Anyone who has libertarian sentiments, in the Libertarian Party or outside of it, in the Republican Party, or elsewhere; anyone who sees himself as supporting the non-existent, imaginary “Tea Party,” is familiar with the difficulty of explaining even basic libertarian principles. There are three problems:
First, most people are lazy, especially when it comes to re-examining the creeds they absorbed in childhood or youth.
Second, libertarianism is paradoxically too familiar to draw interest. It’s more or less what you learned in high school about the work of the Founding Fathers. (Digression: It’s more interesting for immigrants like me than for the US-born precisely because we had no superficial exposure to it at the time we had acute testosterone poisoning.)
Third, libertarianism is not sexy. It does not enjoy the emotional ease of access that big words procure: “Revolution,” “Justice,” “Fairness,” “the Future.” In other words, it’s not a cartoon; it ‘s not a reality show; it’s not a vampire movie. It’s an intellectual stance for adults only. Tough call!
Sometimes, though Providence throws us a lifeline. Now is such a time. A libertarian Hollywood scriptwriter, if there were one, could hardly come up with a better script than the current controversy regarding the IRS role in singling out conservative organizations, in persecuting them, in forcing them illegally and immorally to disgorge private information about opponents to the Obama administration. Or about imagined opponents.
The IRS storm happens at the same time as other Obama administration discrediting events:
It is trying to convince America that it did not deny protection to the assassinated Americans in Benghazi, Libya, and that it did not subsequently lie about what happened;
It is imposing on all American universities restrictions on free speech unheard for centuries in the Anglo-American legal tradition. (See Greg Lukianoff in the Wall Street Journal of 5/17/13);
It is attempting to justify spying on journalists on the basis of an unknown national security risk. (It might be justified. There are tried ways to convince the nation that the spying was justified. President Obama shows no intention of using them as I write.)
As far as the IRS persecution of Obama opponents, in my mind, it’s not a question of who is getting fired or of “who is going to jail.” Punishment of the more or less guilty would be low on my agenda. There is a more fundamental problem that is being pushed aside in televised congressional testimonies and in most of the printed press (I think. I welcome corrections.)
Given that the IRS exists as a very powerful, autonomous, large government organization of ordinary but overpaid people, with a proven capacity to hurt large numbers of citizens, it was bound to happen.
That the IRS is a government organization matters a great deal because , in practice, such organizations enjoy immunity from lawsuits. They exist beyond the reach of the arm of the law. But the rule of law is what largely defines civilized societies, of course. Such organizations as the IRS thus tend to pull us back toward a lesser state of civilization. That’s true irrespective of who is president and, to an extent, independent of which party is in power. If you have a famished and crazy dog chained in the backyard, you should not reassure yourself that everything is under control because it’s your house, not that irresponsible, other guy’s house.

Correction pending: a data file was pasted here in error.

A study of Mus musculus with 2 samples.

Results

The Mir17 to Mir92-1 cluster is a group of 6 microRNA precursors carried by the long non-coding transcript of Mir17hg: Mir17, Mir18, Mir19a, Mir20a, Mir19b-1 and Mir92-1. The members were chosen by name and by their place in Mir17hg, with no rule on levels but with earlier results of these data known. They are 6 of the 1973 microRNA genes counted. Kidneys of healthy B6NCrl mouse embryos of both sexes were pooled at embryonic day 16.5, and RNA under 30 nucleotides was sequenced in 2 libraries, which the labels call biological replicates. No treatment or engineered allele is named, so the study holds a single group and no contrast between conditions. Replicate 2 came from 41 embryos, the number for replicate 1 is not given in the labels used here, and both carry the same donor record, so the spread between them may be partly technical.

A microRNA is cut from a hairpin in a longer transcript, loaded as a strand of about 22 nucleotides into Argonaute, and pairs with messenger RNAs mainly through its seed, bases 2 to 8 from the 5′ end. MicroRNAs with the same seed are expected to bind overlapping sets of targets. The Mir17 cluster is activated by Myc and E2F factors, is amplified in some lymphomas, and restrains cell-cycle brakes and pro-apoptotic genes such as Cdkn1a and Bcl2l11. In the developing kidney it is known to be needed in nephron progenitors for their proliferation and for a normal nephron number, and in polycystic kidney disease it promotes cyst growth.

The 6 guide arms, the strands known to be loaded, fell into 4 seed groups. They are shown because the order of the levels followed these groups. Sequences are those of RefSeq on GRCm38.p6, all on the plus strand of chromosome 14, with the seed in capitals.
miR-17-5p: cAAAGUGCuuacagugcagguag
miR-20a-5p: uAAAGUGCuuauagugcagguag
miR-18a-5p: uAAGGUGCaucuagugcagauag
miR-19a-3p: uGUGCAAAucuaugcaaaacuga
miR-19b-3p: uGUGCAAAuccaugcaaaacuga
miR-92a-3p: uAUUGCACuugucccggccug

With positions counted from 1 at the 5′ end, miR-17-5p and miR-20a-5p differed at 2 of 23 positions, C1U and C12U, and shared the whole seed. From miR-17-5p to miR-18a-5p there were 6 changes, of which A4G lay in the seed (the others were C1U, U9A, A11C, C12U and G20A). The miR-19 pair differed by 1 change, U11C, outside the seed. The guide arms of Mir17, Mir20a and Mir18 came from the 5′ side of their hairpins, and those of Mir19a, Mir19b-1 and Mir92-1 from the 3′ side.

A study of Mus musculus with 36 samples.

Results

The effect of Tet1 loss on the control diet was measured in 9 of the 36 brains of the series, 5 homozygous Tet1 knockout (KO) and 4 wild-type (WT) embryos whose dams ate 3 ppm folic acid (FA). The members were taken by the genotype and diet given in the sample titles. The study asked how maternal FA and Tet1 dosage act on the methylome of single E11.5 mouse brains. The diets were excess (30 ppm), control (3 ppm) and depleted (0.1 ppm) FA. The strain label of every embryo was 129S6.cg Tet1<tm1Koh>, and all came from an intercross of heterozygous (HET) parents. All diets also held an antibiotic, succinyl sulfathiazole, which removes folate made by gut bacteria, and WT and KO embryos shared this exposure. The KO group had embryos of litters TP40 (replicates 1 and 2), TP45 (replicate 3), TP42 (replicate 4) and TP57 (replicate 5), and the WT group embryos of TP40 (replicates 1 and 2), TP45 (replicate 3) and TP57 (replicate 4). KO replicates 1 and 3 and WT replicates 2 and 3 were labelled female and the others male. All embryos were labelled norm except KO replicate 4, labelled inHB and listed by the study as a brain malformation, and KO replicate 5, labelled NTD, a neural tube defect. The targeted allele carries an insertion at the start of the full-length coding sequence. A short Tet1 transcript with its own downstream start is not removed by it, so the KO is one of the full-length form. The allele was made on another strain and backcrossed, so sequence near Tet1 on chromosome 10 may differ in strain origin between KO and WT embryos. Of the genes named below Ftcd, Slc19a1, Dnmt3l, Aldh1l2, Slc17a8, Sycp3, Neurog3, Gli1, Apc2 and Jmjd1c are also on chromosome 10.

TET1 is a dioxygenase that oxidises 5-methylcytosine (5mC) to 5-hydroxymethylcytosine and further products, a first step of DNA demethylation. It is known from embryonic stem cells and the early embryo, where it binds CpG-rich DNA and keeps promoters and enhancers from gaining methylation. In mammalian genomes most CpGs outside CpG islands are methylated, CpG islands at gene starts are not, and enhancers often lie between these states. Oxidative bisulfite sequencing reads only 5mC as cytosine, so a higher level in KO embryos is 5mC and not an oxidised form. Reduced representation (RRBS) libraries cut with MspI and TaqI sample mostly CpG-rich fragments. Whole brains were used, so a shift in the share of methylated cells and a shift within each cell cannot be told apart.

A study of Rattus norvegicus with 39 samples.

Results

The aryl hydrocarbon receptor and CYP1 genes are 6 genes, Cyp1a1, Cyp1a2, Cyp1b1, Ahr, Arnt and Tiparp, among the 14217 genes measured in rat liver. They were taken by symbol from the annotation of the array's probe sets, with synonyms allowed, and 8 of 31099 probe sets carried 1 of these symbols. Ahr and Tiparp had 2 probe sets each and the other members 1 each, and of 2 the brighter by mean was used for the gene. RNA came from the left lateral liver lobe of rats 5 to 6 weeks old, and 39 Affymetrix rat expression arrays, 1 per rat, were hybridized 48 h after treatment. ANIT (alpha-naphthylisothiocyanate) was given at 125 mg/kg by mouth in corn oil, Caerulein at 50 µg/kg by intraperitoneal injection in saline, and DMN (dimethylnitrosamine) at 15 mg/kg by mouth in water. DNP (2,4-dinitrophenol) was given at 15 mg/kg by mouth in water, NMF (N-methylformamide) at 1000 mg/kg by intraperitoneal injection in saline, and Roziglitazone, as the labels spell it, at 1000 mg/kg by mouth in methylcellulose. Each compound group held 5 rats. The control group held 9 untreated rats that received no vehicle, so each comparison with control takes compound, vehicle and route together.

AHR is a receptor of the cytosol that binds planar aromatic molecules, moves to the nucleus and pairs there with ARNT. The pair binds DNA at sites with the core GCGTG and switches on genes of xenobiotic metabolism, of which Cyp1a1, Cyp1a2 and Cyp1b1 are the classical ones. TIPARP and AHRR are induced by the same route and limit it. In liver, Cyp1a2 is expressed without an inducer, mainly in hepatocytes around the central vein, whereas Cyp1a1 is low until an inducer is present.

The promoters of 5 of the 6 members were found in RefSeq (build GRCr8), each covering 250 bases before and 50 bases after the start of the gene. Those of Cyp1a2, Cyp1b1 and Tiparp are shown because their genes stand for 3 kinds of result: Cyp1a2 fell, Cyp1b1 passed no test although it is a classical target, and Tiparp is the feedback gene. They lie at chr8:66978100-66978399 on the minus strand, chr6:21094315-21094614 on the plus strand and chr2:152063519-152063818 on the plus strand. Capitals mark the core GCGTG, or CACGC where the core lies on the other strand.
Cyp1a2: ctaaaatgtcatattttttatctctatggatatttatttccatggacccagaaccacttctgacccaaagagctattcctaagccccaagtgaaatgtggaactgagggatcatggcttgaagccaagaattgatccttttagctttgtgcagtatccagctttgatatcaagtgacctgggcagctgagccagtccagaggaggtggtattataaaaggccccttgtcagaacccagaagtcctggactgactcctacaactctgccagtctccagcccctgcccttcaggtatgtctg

It’s true that the IRS crimes now being discussed were somewhat more likely to take place under a Democrat administration. First, the Fascist current runs deep in the middle of the Democratic Party river. It’s the party of Roosevelt, who classically, used war to place as much of the American production apparatus under federal government control as he could reach (even artists). Second, the Democratic Party was the Party of Birmingham’s Bull Connor, of his attack dogs and of his water hoses aimed at peaceful black demonstrators. The Democratic Party is also most closely associated with labor unions, some of which (not all) have a history of thuggery extending a century or more.
The Republican Party, on the other hand, is not sinless but it carries in its veins an instinctive mistrust of government power which serves as some protection though as minimal protection. The rank-and-file Republican is much less likely than his Democrat counterpart to assume that anything is correct just because the government is doing it. Nevertheless, frankly, is there anyone who would assert with a straight face that the currently revealed IRS misdeeds would never happen under a Republican administration?
The truth now staring us in the face is that a free society simply cannot have in its midst a monster such as the IRS (described above). It should not be allowed to arise. If its exists, it should not be allowed to grow (as with the Obama administration giving it big additional responsibilities within Obamacare). Such a government bureaucracy should be given practically no discretion, no power to pass judgment without at least close judiciary monitoring.
How about collecting taxes for freeways, some will say? Supposing it has to be the federal government’s task to build freeways (just supposing) and to perform other necessary functions, it should be done with a simple flat tax allowing no deductions. It should be a low tax of 15% of gross income or less. (I live within my means; so can the government learn to do.) Federal tax collection would look like this.
You would receive a short postcard saying:
“1. Your income last year was___.
2. Send 15% (or less ) of that amount.
Tax cheaters would have to deal with the local sheriff who would be paid a flat fee for each recovery.
Unrealistic? How about our existing system, is it realistic?